Objects left behind in a patient after surgery, or “retained surgical items” as they are called in the medical industry, should not be an issue with the high standards and advanced technology available today. However, thousands of patients have objects left behind in their bodies every year, with the surgical sponge being the most common.
A Kentucky nurse discovered a surgical sponge in her abdomen four years after undergoing a hysterectomy. The sponge had become attached to her bladder, stomach, and intestinal walls. The area became infected and a large segment of her intestine had to be removed. She continues to suffer with severe bowel issues, and unable to work or even leave the house on most days, she suffers with depression and anxiety.
Another Surgical Sponge
An Air Force Major underwent a cesarean section, an operation that should be routine. She was discharged from the hospital and went home, only to begin experiencing abdominal symptoms. Over the course of six weeks, her stomach grew to the size of a pregnant one and her bowels had shut down. The cause was determined to be a surgical sponge left behind that subsequently became entangled in her intestines and then became infected. The surgery to remove the sponge left her hospitalized for three weeks.
Two Foot Long Wire
A travel agent from Pennsylvania had a two foot long guide wire left behind after heart surgery. The wire was discovered six weeks after the initial procedure when it showed up on an x-ray. He had an additional seven days in the hospital following the removal of the wire, which had also caused a blood clot in his leg near the insertion point of the wire requiring him to remain on blood thinning medications for six months.
Two Surgical Clamps
A 59-year-old man had two surgical clamps left behind after surgery. The patient received intestinal surgery in 2000 and both clamps were left behind at the time of surgery. One clamp was found about 8 months after the operation and removed. The second was found later by doctors in a different hospital. The patient suffered from severe pain, multiple abscesses and septic shock which all led him to have a stroke.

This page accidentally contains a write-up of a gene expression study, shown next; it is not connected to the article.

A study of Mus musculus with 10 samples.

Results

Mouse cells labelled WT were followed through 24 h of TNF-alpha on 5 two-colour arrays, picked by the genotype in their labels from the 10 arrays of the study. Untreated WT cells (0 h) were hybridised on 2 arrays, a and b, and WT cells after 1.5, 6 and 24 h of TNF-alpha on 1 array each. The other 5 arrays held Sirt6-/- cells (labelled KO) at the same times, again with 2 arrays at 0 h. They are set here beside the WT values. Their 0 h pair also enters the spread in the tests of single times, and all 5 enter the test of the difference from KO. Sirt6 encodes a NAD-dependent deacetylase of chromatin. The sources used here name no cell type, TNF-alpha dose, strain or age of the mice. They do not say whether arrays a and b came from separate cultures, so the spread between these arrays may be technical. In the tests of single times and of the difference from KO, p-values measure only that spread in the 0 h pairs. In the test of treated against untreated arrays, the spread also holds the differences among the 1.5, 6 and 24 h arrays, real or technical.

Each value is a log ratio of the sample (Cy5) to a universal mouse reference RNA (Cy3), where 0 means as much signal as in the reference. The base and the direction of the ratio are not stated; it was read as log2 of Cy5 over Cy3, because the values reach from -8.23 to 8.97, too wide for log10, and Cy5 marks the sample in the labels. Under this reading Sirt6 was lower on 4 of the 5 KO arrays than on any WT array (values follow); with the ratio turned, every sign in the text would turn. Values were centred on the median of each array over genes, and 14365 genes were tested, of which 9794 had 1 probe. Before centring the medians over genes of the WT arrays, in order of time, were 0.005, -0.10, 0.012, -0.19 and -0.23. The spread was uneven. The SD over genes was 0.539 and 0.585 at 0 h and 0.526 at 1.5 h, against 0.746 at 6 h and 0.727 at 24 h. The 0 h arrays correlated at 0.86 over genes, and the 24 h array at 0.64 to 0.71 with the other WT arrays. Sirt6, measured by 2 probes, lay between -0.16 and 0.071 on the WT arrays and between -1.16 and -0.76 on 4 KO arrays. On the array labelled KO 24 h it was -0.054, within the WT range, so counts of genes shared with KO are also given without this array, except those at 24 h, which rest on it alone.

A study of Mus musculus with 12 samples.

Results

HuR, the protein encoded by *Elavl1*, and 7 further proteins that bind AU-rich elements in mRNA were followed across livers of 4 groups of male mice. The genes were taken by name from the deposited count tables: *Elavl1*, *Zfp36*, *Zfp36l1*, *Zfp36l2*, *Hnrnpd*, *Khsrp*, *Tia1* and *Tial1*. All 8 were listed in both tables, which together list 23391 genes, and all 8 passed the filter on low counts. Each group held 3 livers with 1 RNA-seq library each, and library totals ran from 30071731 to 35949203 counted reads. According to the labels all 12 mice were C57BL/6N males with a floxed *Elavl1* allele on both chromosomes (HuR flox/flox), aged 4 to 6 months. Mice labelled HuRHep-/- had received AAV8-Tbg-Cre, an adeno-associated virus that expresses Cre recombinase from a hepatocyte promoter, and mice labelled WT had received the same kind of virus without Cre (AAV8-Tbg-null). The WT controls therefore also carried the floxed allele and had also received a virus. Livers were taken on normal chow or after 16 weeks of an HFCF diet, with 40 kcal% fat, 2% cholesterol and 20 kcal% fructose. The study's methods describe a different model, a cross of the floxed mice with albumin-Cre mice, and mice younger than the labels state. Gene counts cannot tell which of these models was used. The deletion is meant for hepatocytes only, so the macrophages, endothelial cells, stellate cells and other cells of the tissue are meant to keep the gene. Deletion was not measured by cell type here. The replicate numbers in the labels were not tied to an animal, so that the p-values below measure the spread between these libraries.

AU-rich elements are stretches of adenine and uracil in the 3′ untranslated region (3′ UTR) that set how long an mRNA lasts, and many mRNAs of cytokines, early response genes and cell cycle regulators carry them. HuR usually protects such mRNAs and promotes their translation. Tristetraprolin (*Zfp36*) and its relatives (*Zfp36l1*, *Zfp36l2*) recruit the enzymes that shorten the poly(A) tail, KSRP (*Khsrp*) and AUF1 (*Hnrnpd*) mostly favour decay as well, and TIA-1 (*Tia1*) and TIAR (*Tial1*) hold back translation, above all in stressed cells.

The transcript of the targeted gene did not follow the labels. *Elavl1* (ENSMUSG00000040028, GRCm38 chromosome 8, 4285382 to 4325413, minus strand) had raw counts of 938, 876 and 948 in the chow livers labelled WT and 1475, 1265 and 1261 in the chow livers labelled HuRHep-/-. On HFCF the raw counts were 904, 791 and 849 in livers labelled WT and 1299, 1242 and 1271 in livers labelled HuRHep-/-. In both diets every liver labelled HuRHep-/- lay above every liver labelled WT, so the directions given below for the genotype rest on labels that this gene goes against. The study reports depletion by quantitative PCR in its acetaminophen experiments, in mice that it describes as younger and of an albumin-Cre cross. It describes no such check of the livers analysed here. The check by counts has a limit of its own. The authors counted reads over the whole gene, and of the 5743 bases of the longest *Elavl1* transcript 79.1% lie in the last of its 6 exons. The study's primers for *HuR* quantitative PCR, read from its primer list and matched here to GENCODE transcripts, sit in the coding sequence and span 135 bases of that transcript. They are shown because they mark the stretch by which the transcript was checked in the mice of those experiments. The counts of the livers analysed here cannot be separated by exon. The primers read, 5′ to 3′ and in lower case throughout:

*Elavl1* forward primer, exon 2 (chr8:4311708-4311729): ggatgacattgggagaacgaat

A Seattle building maintenance technician underwent a complicated surgery to remove a cancerous tumor from his stomach. A 13-inch retractor was left behind . Following the initial surgery, the patient complained of pain that was almost unbearable and was reassured by doctors that pain is a normal part of recovery. He suffered from digestive issues, and pain as the instrument poked him. It wasn’t discovered until almost two months after the surgery, after being ignored at a 30-day checkup with the surgeon.
How Does This Happen?
According to an article in the New York Times, the problem lies in the method used to prevent anything being left behind in a patient. Most operating rooms have a nurse designated to making sure everything is accounted for before the patient is closed. The busy nature of an operating room leads to the occasional miscount, and this can lead to objects being left behind in patients. New technologies have been developed to make it easier to count and ensure that all materials used during an operation are accounted for, but not many hospitals are using the new technologies, most citing expense as the primary reason.